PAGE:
Many elderly pensioners would face a colossal annual fine of tens of thousands of pounds – in other words, ruin. He has not thought of the many families who are living in large properties, but whose outgoings mean they would be unable to pay the tax without unreasonable sacrifice. He has failed to take account of the way any such tax would bite disproportionately on London – where property values have inevitably been resilient throughout the recession, and where they are now surging again. As the estate agents Knight Frank have shown, he is above all being dishonest in his projections about what the tax would yield. In order to raise his target sum of £1.75 billion, he would have to hit houses of values much lower than £2 million – and once a tax of that kind was in place, we all know that the Government would keep coming back for more: cruelly taxing people for an increase in the value of their property. Indeed, they would be providing many homeowners – especially those on the threshold of being clobbered – with a weird incentive to reduce the attractiveness of their homes, perhaps by planting buddleia on the roof or artistically smashing the windows for when the inspector calls.
This tax is an utterly typical Lib Dem policy, in the sense that it sounds pleasingly populist – and many people will mistakenly believe that it will only hit “rich foreigners” – while being actually both impractical and irresponsible. But what really makes my blood boil is the tone in which the pronouncement is made. It’s the lordliness, the condescension, the sublime certainty that the Lib Dems are going to be in government, whatever happens. Here is a party that is currently on 9 per cent in the polls, and languishing fourth behind Ukip. And yet it appears to be the settled view of every pundit and psephological expert that they are once again about to hold the balance of power.
The two most likely outcomes – so we are constantly told – are a continuation of the Tory-Lib Dem coalition, or else a new coalition between Labour and the Lib Dems. You can have any government you like, in other words, as long as it’s got yellow in it. The British constitution has turned into an ice cream van that sells only red-and-yellow lollies, or else blue-and-yellow lollies. Most of the punters don’t want either. They want blue lollies or red lollies – and yet there is nothing they can do about it.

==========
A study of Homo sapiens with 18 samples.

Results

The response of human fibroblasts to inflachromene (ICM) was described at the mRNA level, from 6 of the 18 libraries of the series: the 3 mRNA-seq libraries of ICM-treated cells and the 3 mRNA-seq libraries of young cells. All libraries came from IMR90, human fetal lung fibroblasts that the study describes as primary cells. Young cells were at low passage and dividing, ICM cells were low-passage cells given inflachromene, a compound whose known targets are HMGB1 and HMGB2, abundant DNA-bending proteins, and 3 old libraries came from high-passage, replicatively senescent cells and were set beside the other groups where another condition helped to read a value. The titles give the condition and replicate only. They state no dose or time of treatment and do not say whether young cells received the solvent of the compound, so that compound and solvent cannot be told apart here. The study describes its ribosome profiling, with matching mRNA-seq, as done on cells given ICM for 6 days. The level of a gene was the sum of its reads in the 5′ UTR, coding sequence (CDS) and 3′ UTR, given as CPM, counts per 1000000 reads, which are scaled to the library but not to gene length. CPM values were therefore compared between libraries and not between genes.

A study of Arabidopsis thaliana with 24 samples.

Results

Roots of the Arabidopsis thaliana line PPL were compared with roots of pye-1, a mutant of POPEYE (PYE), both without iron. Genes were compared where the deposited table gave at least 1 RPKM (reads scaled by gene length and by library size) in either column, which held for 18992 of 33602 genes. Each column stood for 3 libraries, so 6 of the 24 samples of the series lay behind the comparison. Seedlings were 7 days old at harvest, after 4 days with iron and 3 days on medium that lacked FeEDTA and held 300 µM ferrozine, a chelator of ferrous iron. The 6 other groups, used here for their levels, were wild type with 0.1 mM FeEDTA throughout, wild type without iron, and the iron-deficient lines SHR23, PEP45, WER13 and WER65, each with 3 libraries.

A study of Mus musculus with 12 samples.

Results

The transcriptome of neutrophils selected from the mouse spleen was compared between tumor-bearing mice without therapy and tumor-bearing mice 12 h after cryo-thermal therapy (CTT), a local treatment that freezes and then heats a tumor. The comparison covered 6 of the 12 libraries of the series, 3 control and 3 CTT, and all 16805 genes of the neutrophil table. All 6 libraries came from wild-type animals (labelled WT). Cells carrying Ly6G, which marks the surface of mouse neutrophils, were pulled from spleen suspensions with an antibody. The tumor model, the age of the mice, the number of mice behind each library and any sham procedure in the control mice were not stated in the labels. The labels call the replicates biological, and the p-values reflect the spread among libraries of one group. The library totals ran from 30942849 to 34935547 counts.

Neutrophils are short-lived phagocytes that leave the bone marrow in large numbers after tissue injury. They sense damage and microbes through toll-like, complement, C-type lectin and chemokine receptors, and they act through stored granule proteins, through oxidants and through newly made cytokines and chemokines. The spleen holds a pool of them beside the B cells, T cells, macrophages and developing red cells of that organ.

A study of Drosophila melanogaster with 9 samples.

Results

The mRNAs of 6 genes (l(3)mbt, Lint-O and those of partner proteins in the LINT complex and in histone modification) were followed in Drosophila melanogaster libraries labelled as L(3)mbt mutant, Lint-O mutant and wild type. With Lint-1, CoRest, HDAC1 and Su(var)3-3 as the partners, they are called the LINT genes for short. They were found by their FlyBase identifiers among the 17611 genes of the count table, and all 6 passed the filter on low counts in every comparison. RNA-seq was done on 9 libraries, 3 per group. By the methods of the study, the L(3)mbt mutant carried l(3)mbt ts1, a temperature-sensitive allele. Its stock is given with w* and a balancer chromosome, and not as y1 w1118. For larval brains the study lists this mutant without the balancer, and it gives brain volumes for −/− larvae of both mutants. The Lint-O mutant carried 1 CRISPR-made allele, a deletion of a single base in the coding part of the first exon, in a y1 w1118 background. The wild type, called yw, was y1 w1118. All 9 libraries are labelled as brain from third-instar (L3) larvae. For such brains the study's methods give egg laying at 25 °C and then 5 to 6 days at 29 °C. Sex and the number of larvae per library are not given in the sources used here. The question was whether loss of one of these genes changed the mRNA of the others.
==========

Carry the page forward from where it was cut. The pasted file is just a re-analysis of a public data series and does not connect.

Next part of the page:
It was the Lib Dems who saw to that. They were so piqued at losing the referendum on AV that they betrayed all their principles and made it impossible for Parliament to reform the boundaries so as to reflect the population; and that makes it much harder for any Conservative government to get an outright majority. The whole thing is frankly an abuse of democracy – but it allows Cleggers to lounge back on the silken cushions of his harem, and wonder whether to click his fingers at the pouting figure in the red pyjamas or the one in the blue. He is the invincible loser, the Hans-Dietrich Genscher of British politics.
Or that, at any rate, is becoming the general view at Westminster. If he believes it, I reckon he is being much too complacent. Look at the polls in the past few months. It is not just that there has been a steady drop in Ed Miliband’s support, to the point where his personal ratings are becoming truly alarming to Labour MPs. Much more significant is the steady climb in David Cameron’s vote – and the huge lead he is now establishing as the best candidate to occupy No 10.
The closer the election gets, the sharper the contrast will be – between a Tory party that has very largely addressed and rectified an economic disaster, and a Labour Party that had a large share in causing that disaster. With just a few more points for the Tories, and a few less for Labour, we are back in the territory of outright majority. And then it won’t matter at all what demands the Cleggster makes now, as the price of his cooperation.
Just in case, though, I have an idea. I see that my old chum Jeremy Clarkson is thinking of standing against Ed Miliband in Doncaster. Right idea, Jezza – wrong seat. I hope fervently that the great man can be persuaded to stand against Cleggers in Sheffield, where his majority (unlike Ed’s) is very frail indeed. Come on, Clarkson! Stand against the Cleggster with his hideous turbines and mad new taxes. That should put the wind up him.